For Alison and Adam
[lead]Walk West (formerly Greenroom Communications) was founded by former television news journalists.  We are a community of like-minded people who have each other’s backs, no matter what.  The events in Virginia have stunned us beyond what you might imagine.  The article below was written by Penn Holderness, one of Walk West’s (formerly Greenroom) Managing Partners. See the original post here.[/lead]
Alison and Adam Virginian ReportersWe didn’t know Alison and Adam, but we feel like we do.

I know, that sounds like something a politician would say, but in this case, it’s more true than you think. Kim and I worked in local news for a collective 30 years. There is a pretty unique kinship between everyone in the biz. We’ve all taken a pretty unique journey together. The journey usually starts in a tiny city you’ve never heard of, usually a thousand miles away from your family, scraping by on pennies, working about 100 hours a week. The first day your boss shows you a stack of 100 VHS tapes and says, “If you can’t cut it, here is the stack of people who want your job and will take it tomorrow.” Every News Director learned this sentence on the first day of News Director School. So, you make a deal with yourself, right then and there, to distance yourself from that stack. To do whatever it takes to keep this job, then get another one where you don’t have to live on food stamps.

Anyone looking at your life from the outside can’t understand it. They see you on TV and assume you are rich, that you drink for free and drive free cars because you are a celebrity. They don’t know you make 12,500 a year (Kim’s first job), eat Ramen at least 3 times a week and live on the floor of the women’s soccer coach’s apartment (that’s Penn – thanks again, Jim Buchan!).

We didn’t know Alison and Adam but we feel like we do.

You are working in a business where the supply-demand curve is way out of whack. The stack of tapes is always looming. Your stories need to be sensational. There’s this thing called a “demo reel” that you send out to news directors in cities where you can afford rent. They get hundreds of them and they make their decision on who to hire in the first 30 seconds of the reel. So the top of the reel is the reporter standing in the middle of as much unstable action as you can find. News Directors and Producers love it. In a hurricane, in front of a house fire, at the scene of a police standoff. Suddenly you actually want to be in unsafe places with a camera trained on you, because you know THAT is what will get you a better job, and a better life.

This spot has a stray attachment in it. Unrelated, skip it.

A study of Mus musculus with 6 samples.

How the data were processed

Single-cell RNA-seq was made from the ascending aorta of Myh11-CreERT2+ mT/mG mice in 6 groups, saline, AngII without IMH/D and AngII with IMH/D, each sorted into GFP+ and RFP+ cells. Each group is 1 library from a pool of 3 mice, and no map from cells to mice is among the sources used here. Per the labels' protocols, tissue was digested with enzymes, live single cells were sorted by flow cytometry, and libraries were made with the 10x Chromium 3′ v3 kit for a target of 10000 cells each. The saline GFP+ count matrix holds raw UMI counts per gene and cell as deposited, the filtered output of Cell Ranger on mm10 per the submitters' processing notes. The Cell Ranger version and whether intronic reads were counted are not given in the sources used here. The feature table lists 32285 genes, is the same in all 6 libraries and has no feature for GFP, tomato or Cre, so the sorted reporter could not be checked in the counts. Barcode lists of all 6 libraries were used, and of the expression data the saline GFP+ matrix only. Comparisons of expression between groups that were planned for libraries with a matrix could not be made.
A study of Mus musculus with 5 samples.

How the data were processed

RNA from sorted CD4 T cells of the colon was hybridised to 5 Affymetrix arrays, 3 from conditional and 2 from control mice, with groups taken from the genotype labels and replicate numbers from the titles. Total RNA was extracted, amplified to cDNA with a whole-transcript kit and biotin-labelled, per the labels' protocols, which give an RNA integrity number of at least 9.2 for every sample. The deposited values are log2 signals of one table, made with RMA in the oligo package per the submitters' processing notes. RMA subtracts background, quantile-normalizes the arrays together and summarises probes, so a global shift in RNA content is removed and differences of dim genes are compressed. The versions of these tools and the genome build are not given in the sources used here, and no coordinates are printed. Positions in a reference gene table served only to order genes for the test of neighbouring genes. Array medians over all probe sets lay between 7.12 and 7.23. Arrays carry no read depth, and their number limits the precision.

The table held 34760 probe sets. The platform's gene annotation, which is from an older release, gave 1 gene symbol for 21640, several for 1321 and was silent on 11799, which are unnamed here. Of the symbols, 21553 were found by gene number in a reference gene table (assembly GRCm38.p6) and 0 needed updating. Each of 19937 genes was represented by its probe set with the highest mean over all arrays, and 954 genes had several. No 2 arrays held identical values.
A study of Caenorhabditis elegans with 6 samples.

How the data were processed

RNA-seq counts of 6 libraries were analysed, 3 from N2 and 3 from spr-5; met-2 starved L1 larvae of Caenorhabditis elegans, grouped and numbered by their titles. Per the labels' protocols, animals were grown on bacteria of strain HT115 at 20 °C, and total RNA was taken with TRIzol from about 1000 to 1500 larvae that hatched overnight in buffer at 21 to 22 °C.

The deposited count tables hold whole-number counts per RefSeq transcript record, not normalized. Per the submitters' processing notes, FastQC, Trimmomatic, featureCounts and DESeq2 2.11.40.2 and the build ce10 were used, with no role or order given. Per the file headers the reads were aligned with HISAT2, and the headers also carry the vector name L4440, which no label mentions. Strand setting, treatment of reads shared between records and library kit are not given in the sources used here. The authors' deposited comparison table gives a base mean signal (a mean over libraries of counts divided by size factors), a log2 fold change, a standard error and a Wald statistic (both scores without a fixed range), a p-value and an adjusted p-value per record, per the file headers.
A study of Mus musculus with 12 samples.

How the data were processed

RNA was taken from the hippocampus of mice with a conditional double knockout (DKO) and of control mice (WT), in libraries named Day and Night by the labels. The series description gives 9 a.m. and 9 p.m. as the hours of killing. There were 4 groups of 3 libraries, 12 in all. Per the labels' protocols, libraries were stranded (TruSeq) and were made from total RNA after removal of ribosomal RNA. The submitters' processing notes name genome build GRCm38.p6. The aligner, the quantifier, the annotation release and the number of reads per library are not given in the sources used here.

Adam and Alison weren’t in danger. They were at lakeside shopping center. But still, there’s no security at these places. People can walk up to you and do whatever they want. You are busy talking and the photographer is busy filming. You don’t really think about it because you do it every day, but you are incredibly vulnerable for those few minutes when the lights go on. One thought Kim and I have both had today, many times was, “that could have been us.”

We didn’t know Alison and Adam but we feel like we do.

Even though you are a pseudo-public figure, you live your life in a bubble, because the only people who GET you are the other people you work with. They work the same awful hours that you work, (don’t know when Adam and Alison wake up for the morning shift – for me it was 2:50 AM.) They’ve all seen that same stack of tapes and they’ve all made the same deal with themselves. It’s not just the people at your station, it’s the ones at the stations across town. They buy cheap beer and get drunk and go dancing together. They have Christmas parties together. They become best friends. They get married.

Kim worked for a competing station in Orlando when I met her. Her coworkers, (who everyone assumes, thanks to the Will Ferrell Anchorman turf war scenes, are bitter rivals), introduced us.

Kim’s maid of honor was a girl who worked at a competing station. They started talking because they would see each other on the same news story. They were doing their own interviews and photography but needed to shoot a “stand-up” (that’s when you see the reporter on camera talking), so they grabbed each other’s cameras and shot the other one on scene. They are best friends to this day.

I bet Adam and Alison shared that kinship, those stories, and lived in that bubble together. I bet they talked to each other like an old married couple, fights and all. I bet he farted in the live truck just to see her face scrunch up. I bet they talked about his upcoming wedding and his upcoming move to Charlotte. I bet they were planning a kickass party for him and that Alison was going to give an unbelievable toast. I bet they were going to miss each other.

We didn’t know Adam and Alison, but we feel like we do.